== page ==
The day after the film's screening, I sat at work surrounded by sapphires and tourmalines, and wondered, Is jewelry necessary?
The attraction to adornment isn't shared by everyone, but by enough people to support a complex global industry. The baubles also serve other needs: for status, for the marking of ritual occasions, and if you're a believer, to impart the healing essences of various minerals. (Not my thing.)
When Minimalists advise getting rid of "trash and trinkets", I understand their perspective, but doubt I would divest my jewellery and feel better for it. Many minimalist exemplars are men, and I wonder if, because of gender bias, they might be less familiar with the pleasure of jewellery; sure, they have their watches, but relatively few wear earrings. Women cluster four deep around a jeweler's booth at a good art or craft show, while 90% of men sail by.
The Minimalist movement asks an essential question; as Vicki Robin and the late Joe Dominguez wrote a generation earlier in "Your Money or Your Life": Is striving mainly to get more stuff a fair exchange for the precious, limited time you have here? And once you fill the trophy case, then what? Millman quotes Chuck Palahniuk in "The Fight Club": "The things you own end up owning you".
I've felt that way about many possessions, from napkin rings to exercise bikes, but regarding jewellery, I feel like a steward of art.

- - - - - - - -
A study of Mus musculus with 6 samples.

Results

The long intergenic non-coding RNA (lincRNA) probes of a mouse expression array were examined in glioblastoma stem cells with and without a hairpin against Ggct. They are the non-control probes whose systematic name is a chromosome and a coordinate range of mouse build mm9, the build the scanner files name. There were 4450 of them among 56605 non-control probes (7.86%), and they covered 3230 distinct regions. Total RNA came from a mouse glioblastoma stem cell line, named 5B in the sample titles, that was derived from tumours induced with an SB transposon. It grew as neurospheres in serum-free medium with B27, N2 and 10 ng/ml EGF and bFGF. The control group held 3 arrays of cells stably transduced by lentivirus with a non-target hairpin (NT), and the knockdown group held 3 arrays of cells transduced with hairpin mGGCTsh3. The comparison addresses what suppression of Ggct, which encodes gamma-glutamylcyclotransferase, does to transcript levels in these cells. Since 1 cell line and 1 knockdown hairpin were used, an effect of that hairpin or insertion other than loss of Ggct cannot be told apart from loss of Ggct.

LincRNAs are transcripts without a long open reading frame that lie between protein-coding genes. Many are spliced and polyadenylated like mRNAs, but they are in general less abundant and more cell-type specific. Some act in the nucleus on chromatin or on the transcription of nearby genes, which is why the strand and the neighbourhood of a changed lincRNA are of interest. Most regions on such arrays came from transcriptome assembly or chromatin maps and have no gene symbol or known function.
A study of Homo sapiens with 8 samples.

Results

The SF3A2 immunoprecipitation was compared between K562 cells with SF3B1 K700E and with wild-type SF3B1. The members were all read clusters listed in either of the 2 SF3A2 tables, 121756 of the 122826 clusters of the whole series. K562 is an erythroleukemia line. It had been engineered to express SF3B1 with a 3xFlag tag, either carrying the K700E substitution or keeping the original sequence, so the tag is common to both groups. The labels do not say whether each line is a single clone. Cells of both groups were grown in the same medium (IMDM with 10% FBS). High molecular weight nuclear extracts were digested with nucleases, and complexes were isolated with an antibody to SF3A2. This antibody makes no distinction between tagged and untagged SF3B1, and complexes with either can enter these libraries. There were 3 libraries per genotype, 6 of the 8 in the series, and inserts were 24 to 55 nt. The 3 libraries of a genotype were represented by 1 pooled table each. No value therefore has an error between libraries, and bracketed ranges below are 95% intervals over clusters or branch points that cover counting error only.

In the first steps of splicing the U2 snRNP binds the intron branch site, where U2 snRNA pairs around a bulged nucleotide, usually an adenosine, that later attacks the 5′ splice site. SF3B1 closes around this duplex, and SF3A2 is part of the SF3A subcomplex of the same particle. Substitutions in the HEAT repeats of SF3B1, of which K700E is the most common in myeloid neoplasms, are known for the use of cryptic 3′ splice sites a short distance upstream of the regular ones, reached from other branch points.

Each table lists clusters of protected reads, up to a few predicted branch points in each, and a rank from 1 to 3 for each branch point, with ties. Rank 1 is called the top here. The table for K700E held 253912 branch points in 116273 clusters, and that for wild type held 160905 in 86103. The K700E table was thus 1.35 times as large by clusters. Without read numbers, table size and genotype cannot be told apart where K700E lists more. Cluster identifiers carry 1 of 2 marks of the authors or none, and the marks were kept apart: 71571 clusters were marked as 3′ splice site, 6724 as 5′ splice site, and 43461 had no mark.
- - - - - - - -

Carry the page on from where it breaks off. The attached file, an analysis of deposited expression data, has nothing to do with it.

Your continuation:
I also feel connected to loved ones; when I wear a piece my mother wore too, in a way she is with me. The other night I dreamed of her. She was reading in a wing-backed chair I'd forgotten we had, and wearing this clip; I awoke savouring the recovered memory.
Am I going to continue collecting jewelry? Yes, in a judicious, limited way, or at least that's my intention.
Would I suggest that others do so? Only if the intrinsic beauty of a piece adds to your enjoyment of life, provides an aesthetic or sentimental burnish, and is within your or the giver's means.
As Sara Teasdale wrote in "Barter",
"Life has loveliness to sell
All beautiful and splendid things,
Blue waves whitened on a cliff,
Soaring fire that sways and sings,
Children's faces looking up,
Holding wonder like a cup."
Though in succeeding stanzas Teasdale says we pay for these things by bartering "many an hour of strife"— hence the title—the best things in life are free, but they also require that we stop doing, and pause to appreciate them.
Jewelry is art which inhabits our everyday lives, becoming almost a part of our bodies.
|Brooch, Cai Xuan|
My friend Beth and I recently spent an hour at Galerie Noel Guyomarc'h admiring their Taiwanese jewellery exhibit: ethereal acrylic pieces by Cai Xuan, formed like sea anenomes, were among our favourites. The prices for many brooches and necklaces were not prohibitive—similar to a good pair of shoes—but we did not feel acquisitive.
I did, however, feel that art/beauty frisson and its attendant rush of want when we paused to look at a selection of sterling and gem-set cuffs by Matthieu Cheminée.
|Photo: Matthieu Cheminée|
What does jewellery do for you? And if we couldn't give you, for example, a cuff bracelet, what is your enjoyable addition to life, minimalist or not?